Suppose your team just played a basketball game, but you weren't able to watch. You check the box score, which gives you an idea of who played well and who was off. But maybe you want a sense of the flow of the game, who was hot when, who had to sit due to early foul trouble, etc. Various sources publish a full play-by-play, but it's just a wall of text and not the easiest to parse through. Is there a better way?
I've been working recently on game visualizations, and I feel I have something interesting enough to share with you all. Here's a quick explainer: The horizontal axis of the chart gives the game clock. Initially, all you see is two faint lines showing how each team's score progressed. To the right, you see a list of players that entered the game at some point. Click on one of them, and a bunch of little dots fill the screen. Each dot belongs to a category as indicated on the vertical axis. Hover over any dot to get more information; generally, green dots are good and red dots are bad. You can also see when your selected player was in the game by observing where the score lines have darkened. You can choose any combination of players to display simultaneously.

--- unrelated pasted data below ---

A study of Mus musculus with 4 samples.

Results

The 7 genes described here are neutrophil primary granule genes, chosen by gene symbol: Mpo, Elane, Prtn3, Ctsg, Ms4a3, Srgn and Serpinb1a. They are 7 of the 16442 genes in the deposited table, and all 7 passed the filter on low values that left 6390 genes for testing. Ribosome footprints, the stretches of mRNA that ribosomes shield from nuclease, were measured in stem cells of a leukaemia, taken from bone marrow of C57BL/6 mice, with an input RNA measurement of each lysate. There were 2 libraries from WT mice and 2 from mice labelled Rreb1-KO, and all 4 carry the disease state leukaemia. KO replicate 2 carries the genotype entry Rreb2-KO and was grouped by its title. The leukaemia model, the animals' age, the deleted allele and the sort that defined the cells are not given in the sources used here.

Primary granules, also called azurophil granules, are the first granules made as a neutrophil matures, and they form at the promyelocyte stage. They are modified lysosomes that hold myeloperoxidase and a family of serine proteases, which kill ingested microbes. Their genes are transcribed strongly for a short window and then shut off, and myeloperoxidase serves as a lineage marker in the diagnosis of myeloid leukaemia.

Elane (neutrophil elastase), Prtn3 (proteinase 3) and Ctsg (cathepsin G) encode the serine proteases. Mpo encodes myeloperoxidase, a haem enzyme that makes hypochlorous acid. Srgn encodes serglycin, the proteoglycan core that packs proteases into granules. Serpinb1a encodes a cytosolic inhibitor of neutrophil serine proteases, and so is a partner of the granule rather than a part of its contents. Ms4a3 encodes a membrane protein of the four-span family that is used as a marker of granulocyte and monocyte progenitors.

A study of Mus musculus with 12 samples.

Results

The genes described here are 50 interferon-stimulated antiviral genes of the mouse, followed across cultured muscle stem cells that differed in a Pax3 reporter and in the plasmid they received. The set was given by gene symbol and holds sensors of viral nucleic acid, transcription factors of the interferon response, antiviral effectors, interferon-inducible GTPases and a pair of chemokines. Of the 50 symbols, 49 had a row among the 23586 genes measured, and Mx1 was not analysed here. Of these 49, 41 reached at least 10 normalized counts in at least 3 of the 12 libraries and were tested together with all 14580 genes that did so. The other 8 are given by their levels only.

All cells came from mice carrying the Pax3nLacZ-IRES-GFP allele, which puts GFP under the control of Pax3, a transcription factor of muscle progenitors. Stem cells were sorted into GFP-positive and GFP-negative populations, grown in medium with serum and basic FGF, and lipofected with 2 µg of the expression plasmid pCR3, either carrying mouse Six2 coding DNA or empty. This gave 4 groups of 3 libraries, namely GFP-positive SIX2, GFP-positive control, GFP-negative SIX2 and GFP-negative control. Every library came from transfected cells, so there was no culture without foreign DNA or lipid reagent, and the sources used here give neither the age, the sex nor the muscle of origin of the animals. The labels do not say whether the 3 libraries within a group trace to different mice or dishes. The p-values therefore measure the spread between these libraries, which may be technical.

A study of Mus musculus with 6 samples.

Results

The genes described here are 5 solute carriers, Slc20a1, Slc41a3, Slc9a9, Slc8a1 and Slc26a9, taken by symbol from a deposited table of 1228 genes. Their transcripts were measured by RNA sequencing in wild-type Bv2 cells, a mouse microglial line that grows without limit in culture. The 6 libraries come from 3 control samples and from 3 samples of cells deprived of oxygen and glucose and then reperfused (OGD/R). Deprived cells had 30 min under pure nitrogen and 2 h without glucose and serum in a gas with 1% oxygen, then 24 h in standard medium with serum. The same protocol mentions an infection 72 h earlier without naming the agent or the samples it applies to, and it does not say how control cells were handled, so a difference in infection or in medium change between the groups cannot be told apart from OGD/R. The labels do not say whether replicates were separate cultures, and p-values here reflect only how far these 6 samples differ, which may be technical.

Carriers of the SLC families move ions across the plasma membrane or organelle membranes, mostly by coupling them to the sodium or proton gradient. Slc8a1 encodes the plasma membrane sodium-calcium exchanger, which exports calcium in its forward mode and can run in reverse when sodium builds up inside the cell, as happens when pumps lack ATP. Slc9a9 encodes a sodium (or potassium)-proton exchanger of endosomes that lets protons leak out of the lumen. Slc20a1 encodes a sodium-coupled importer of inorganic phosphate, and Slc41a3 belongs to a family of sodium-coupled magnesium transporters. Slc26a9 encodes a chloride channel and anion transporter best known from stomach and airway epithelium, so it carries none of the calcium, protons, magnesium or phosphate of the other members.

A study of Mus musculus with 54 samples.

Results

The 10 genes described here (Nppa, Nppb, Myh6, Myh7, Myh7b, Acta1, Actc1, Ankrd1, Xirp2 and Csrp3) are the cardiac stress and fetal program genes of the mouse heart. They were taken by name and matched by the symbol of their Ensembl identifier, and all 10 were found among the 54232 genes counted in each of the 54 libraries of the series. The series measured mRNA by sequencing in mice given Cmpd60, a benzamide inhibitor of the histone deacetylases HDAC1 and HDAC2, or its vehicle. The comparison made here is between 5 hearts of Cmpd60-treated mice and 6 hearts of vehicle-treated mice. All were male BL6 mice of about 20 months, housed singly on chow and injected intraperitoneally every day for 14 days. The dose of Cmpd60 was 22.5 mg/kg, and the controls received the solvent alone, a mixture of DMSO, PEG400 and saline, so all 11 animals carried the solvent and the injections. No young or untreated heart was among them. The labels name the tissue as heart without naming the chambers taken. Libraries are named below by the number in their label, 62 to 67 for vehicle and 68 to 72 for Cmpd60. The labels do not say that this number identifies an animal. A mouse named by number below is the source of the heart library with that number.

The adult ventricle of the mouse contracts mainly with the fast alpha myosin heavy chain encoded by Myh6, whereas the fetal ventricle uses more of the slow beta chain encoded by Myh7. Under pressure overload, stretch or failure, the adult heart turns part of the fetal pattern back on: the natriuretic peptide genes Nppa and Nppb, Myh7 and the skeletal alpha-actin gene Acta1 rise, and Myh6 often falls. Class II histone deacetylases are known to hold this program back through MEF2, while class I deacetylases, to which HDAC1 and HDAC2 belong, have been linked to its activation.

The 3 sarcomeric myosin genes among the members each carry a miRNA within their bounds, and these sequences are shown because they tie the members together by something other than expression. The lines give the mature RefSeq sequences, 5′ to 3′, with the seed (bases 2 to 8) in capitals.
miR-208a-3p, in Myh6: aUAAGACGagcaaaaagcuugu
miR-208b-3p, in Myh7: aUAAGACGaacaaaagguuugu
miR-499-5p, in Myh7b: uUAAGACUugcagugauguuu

Some things I saw:
- The midrange game was not working at all. By my count, the Cats made one of 14 two-point jumpers.
- Pretty nice first half for DJ, and an even better second half for Barry Brown.
- Lots of dots on the chart for Justin Edwards and Kam Stokes, so they were both very active. Too many of those dots are the wrong color, though.
We can take a look at North Dakota's chart as well.
- Just call Drick Bernstine the possession killer. That goes both ways: His defensive rebounding work kept K-State from second chance opportunities, but his eight turnovers cost his own team some possessions as well.
- Poor Bryce Cashman managed to foul out in just eight minutes of play, and his best trick came midway through the first half. In one sequence, the reserve big man checked into the game, got whistled for a foul, and was subsequently pulled from the game. All in a span of one second!
What do you guys see? Let us know in the comments. I would also appreciate any feedback you have on the charts, or any other visualizations you might like to see.
For a deeper analysis of the K-State's game against North Dakota, be sure to check out Luke's recap from yesterday.